This has to be one of the most fabulous things I’ve posted on LadiesLoveTaildraggers EVER and I’ve been grinning about how cool it is since I got her email a few days ago. Air Force pilot Laura N tells me she’sÂ relocated to California for U-2 training and sent in pictures from her solo flight. It doesn’t get any better than this!! Congratulations, Laura, and know that we’re all rooting you on!
From Laura, “I recently soloed in the most over-powered taildragger ever created, the U-2. It’s been interesting flying a jet-powered taildragger in a space suit. I’ve attached photos Â from my solo and my first high flight for the website.”
Flying the Dragon Lady
After getting Laura’s note I got really curious about everything I DIDN’T know about the Dragonlady, pretty much anything. The following excerpts I pulled from an article by Lt. Col. Charles Wilson and it’s a must read!
Ever want to know what it is like to fly a U-2 mission……Well read on as Lt. Col. Charles Wilson lets us in on a mission.
The U-2 was built to operate at altitudes above 70,000 feet. This caused the aircraft to be made with long wings (today’s U2 has about a 104′ wingspan) and configured with a bicycle (tandem) type landing gear. Aerodynamically it is a fairly “clean” aircraft-it likes to fly. It does fly very well, as long as it is in the “envelope” it was designed for. That is, flown within the speed parameters and G limits. Compared to other aircraft, the U-2 is perhaps the most difficult for a pilot to fly. With its long wing and bicycle landing gear, it is especially difficult to land (as I said before it likes to fly). The pilot needs to stall the aircraft from about two feet, to get it on the ground.
Taxing the U-2 is challenging. Turning into the wind, the turn radius is about 189 feet. Turning away from the wind, the turn radius can exceed 300 feet. The pilot must judge turns carefully or get stuck and need the aircraft to be repositioned by the ground crews. No easy task either. Typical fighter aircraft have turn radii as small as 20-50 feet. During this activity, our mobile officer follows along in a high-performance chase car. The mobile, who is in radio contact with the pilot, is in the role of safety observer, monitoring the aircraft as it moves.
The pilot then flies his U-2 to above 70,000 feet and accomplishes his assigned reconnaissance mission. At 70,000 feet you are twice as high as the airliners fly. You begin to see the curvature of the earth and the sky begins to blacken as the outer limits of the atmosphere are reached. If our pilot wasn’t so busy on an operational mission, it would be easy for him to get a lonely feeling up there at 70,000 feet hundreds or even thousands of miles away from home base.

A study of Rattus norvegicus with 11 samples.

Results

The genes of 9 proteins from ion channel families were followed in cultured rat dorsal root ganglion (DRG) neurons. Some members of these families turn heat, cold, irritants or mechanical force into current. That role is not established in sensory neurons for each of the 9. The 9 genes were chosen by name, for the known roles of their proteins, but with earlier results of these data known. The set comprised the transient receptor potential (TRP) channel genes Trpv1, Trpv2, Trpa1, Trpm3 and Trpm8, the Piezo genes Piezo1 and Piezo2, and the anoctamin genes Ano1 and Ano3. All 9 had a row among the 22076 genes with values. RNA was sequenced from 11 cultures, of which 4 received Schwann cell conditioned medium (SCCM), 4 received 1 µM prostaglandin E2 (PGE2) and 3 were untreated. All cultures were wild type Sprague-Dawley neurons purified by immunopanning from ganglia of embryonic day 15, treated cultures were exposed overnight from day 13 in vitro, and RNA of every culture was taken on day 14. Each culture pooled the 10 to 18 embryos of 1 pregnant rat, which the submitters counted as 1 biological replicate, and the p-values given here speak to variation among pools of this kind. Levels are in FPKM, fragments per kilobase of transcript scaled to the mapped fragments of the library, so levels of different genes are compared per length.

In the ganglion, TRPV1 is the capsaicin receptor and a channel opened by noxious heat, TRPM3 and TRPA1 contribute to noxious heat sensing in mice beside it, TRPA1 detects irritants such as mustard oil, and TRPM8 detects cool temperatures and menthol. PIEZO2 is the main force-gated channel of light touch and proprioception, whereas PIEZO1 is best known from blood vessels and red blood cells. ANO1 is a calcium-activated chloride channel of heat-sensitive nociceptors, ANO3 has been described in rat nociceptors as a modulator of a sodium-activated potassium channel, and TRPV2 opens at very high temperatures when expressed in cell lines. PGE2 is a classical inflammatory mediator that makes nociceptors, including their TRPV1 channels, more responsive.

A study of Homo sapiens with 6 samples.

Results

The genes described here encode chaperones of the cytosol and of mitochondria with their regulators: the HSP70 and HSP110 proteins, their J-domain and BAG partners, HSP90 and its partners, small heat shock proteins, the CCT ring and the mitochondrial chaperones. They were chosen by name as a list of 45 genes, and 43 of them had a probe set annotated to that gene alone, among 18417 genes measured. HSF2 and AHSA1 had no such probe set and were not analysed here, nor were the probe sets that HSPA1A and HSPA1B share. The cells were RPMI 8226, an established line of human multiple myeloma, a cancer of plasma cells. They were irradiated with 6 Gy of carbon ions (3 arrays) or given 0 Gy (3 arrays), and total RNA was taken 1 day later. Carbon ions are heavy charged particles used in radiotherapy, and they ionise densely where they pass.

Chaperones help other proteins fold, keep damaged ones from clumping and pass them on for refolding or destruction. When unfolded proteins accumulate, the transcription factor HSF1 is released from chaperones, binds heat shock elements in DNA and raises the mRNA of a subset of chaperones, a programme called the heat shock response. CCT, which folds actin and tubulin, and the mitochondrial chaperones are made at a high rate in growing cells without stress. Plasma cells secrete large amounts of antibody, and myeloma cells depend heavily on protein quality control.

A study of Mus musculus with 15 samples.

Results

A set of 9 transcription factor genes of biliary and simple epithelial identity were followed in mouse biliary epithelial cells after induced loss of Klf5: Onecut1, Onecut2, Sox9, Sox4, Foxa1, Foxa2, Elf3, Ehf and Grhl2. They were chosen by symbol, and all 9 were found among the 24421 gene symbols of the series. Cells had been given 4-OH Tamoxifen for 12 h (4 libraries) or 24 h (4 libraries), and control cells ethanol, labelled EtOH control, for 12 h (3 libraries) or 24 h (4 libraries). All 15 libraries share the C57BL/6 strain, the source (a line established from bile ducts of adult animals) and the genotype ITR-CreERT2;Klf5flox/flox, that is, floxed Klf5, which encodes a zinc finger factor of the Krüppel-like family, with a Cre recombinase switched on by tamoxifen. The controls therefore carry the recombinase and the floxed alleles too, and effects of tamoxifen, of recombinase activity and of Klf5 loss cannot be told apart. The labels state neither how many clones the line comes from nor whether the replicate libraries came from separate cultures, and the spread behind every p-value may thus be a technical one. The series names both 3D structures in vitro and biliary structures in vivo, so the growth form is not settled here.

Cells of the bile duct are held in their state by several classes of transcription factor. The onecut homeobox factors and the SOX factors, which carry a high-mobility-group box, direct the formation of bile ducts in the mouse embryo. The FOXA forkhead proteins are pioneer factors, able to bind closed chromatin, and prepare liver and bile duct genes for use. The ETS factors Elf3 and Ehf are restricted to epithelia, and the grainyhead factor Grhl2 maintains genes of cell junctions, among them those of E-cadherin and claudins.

During the descent, our mobile officer has reviewed the weather and positioned himself in the chase car at the threshold (or beginning) of the runway. Monitoring the mission frequency the whole time. He is there to help the pilot with any unusual difficulty that may be encountered. Our pilot now finds the runway with his navigation instruments, visually acquires it, and crosses the runway threshold at about 10 feet.
Despite being exposed to serious threats and a hazardous physiological environment, our pilot is about to engage in the most challenging part of the mission-landing the U-2. The U-2 is without a doubt, the most difficult aircraft in the inventory to land. With its bicycle landing gear, long wingspan and its “desire” to keep flying (even with idle power), the pilot has his hands full putting it on the ground. The mobile officer also has a big role to play here. Keep in mind our pilot has been in a hazardous physiological environment for over nine hours. Not much to eat, no chance for a break, unable to get up and walk around. He is dehydrated, fatigued, and has a skewed depth perception from the high altitude. Still, our pilot brings the aircraft to cross the runway threshold at 10 feet precisely on centerline. The mobile chases the aircraft down the runway, making altitude calls at about every two feet. Deviations are also called out. To successfully land this aircraft, the pilot must achieve a full stall at two feet above the runway. I don’t mean killing the engine. By stalling I mean to cause the aircraft’s wings to stop generating lift. Our pilot does this through exact airspeed control. No easy task considering the condition he is in along with the bulkiness of the pressure suit.
As it slows, the tailwheel lowers to the runway and when the U-2 reaches a stall, the main wheel touches down. The maneuver looks graceful to onlookers, but tends to feel violent inside the cockpit as the pilot feels the stall, touches down and struggles to keep the wings level. But, it is not over yet. The pilot still has to “fly” the wings until the aircraft can stop. Remember, the pogos fell out upon takeoff so as long as the airplane is rolling and the wings are producing some lift, the pilot must fly the wings to keep them off the runway.
Finally, as the aircraft begins to stop, the pilot will gently put one wing on the ground. Each wing has a titanium skidplate so that the they are not damaged during this phase. The ground crews now reinstall the pogos so that the pilot can taxi back.
And when she’s not flying the Dragonlady what do you suppose Laura flies…
Â Yep, she may be flying “one of the most over-powered taildraggers ever created” but she’s still one of us at heart!!